Supreme Court Rules for 94-Year-Old Woman Whose Seized Home Was Sold for More Than Her Tax Debt
Geraldine Tyler owed $15,000 but got nothing back from the $40,000 sale price
A 94-year-old woman scored a big win Thursday when the U.S. Supreme Court ruled Minnesota officials violated her constitutional rights by keeping $40,000 in proceeds after selling her condo over a $15,000 tax bill.
The unanimous decision overturned a series of lower courts that previously ruled against Geraldine Tyler.
It also gives her the chance to recoup some of the money that Hennepin County pocketed without providing her with "just compensation" under the Fifth Amendment's "Takings Clause."
"A taxpayer who loses her $40,000 house to the State to fulfill a $15,000 tax debt has made a far greater contribution to the public fisc than she owed," Chief Judge John Roberts wrote.
Tyler owed $2,300 in taxes, plus interest and penalties when the county seized her one-bedroom apartment in 2015.
Hennepin County argued that she did nothing to try to keep it after moving out and the apartment was sold the following year.
But the high court rejected arguments that Tyler could have paid her tax bill by selling the property, refinancing her mortgage or signing up for a payment plan.
“The County had the power to sell Tyler’s home to recover the unpaid property taxes," Roberts wrote.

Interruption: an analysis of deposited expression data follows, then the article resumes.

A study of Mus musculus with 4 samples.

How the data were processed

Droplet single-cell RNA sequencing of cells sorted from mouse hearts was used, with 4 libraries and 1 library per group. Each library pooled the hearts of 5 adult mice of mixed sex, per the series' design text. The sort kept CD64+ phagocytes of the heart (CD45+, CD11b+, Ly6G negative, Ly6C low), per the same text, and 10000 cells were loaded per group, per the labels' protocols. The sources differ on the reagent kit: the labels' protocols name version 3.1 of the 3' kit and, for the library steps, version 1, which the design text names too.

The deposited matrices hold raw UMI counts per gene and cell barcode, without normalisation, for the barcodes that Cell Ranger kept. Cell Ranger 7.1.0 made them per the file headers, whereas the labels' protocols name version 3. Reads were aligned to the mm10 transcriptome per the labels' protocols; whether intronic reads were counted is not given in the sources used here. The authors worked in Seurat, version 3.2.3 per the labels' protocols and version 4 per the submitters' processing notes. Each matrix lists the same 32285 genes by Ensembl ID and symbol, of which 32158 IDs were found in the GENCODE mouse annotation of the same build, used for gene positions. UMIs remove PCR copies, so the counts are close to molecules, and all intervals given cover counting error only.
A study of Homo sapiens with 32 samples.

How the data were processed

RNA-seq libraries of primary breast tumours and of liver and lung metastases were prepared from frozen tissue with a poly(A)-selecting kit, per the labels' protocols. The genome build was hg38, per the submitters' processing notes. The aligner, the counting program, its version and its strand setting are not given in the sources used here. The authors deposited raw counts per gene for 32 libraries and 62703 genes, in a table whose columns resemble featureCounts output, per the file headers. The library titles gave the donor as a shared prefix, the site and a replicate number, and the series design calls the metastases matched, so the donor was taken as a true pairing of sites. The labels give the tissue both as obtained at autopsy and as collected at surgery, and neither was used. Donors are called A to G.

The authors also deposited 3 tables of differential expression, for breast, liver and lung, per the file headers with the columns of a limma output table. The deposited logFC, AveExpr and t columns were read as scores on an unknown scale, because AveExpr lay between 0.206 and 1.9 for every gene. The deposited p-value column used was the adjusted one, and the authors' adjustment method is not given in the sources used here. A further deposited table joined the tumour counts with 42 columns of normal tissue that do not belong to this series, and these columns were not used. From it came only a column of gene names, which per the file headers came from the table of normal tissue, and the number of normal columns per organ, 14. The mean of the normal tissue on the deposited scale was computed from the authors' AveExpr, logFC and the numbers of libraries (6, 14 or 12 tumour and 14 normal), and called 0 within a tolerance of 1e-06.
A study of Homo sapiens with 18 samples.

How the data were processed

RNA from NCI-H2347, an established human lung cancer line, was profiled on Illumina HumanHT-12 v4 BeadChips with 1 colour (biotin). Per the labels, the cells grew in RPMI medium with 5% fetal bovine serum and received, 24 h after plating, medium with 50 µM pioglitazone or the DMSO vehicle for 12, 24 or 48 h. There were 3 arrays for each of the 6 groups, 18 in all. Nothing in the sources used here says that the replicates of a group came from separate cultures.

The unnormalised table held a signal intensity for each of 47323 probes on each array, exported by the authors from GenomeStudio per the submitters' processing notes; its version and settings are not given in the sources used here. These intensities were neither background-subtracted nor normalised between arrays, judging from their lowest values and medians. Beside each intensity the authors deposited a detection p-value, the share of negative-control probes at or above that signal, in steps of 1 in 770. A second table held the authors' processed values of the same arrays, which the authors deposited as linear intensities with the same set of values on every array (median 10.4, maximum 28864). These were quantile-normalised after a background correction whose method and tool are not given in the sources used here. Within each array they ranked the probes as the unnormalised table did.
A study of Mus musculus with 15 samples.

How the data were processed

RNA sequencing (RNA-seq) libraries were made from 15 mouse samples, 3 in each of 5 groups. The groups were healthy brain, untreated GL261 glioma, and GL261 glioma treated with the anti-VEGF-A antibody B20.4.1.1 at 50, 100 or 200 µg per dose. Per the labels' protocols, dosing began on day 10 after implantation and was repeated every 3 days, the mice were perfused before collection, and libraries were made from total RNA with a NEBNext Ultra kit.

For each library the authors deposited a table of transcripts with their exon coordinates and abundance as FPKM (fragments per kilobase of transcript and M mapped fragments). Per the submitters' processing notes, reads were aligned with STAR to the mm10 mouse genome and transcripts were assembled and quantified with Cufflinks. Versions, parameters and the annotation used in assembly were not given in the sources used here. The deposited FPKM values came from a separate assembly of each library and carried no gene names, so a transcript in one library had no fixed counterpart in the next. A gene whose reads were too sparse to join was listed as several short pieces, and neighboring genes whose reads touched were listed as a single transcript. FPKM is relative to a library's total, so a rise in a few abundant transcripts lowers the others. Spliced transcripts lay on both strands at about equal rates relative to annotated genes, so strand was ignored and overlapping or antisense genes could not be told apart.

"But it could not use the toehold of the tax debt to confiscate more property than was due."
It's unclear why Tyler stopped paying her taxes after relocating to an apartment building for older people.
The nonprofit Pacific Legal Foundation, which represented her, said she moved for "health and safety" reasons.
Minnesota is one of only a dozen states and the District of Columbia that allow local governments to keep the profits after selling seized property, according to Pacific Legal.
The former owners of at least 8,950 homes there received little or no money after their properties were sold over unpaid taxes between 2014 and 2021, the group said.
The other states are Alabama, Arizona, Colorado, Illinois, Maine, Massachusetts, Nebraska, New Jersey, New York, Oregon and South Dakota, it said.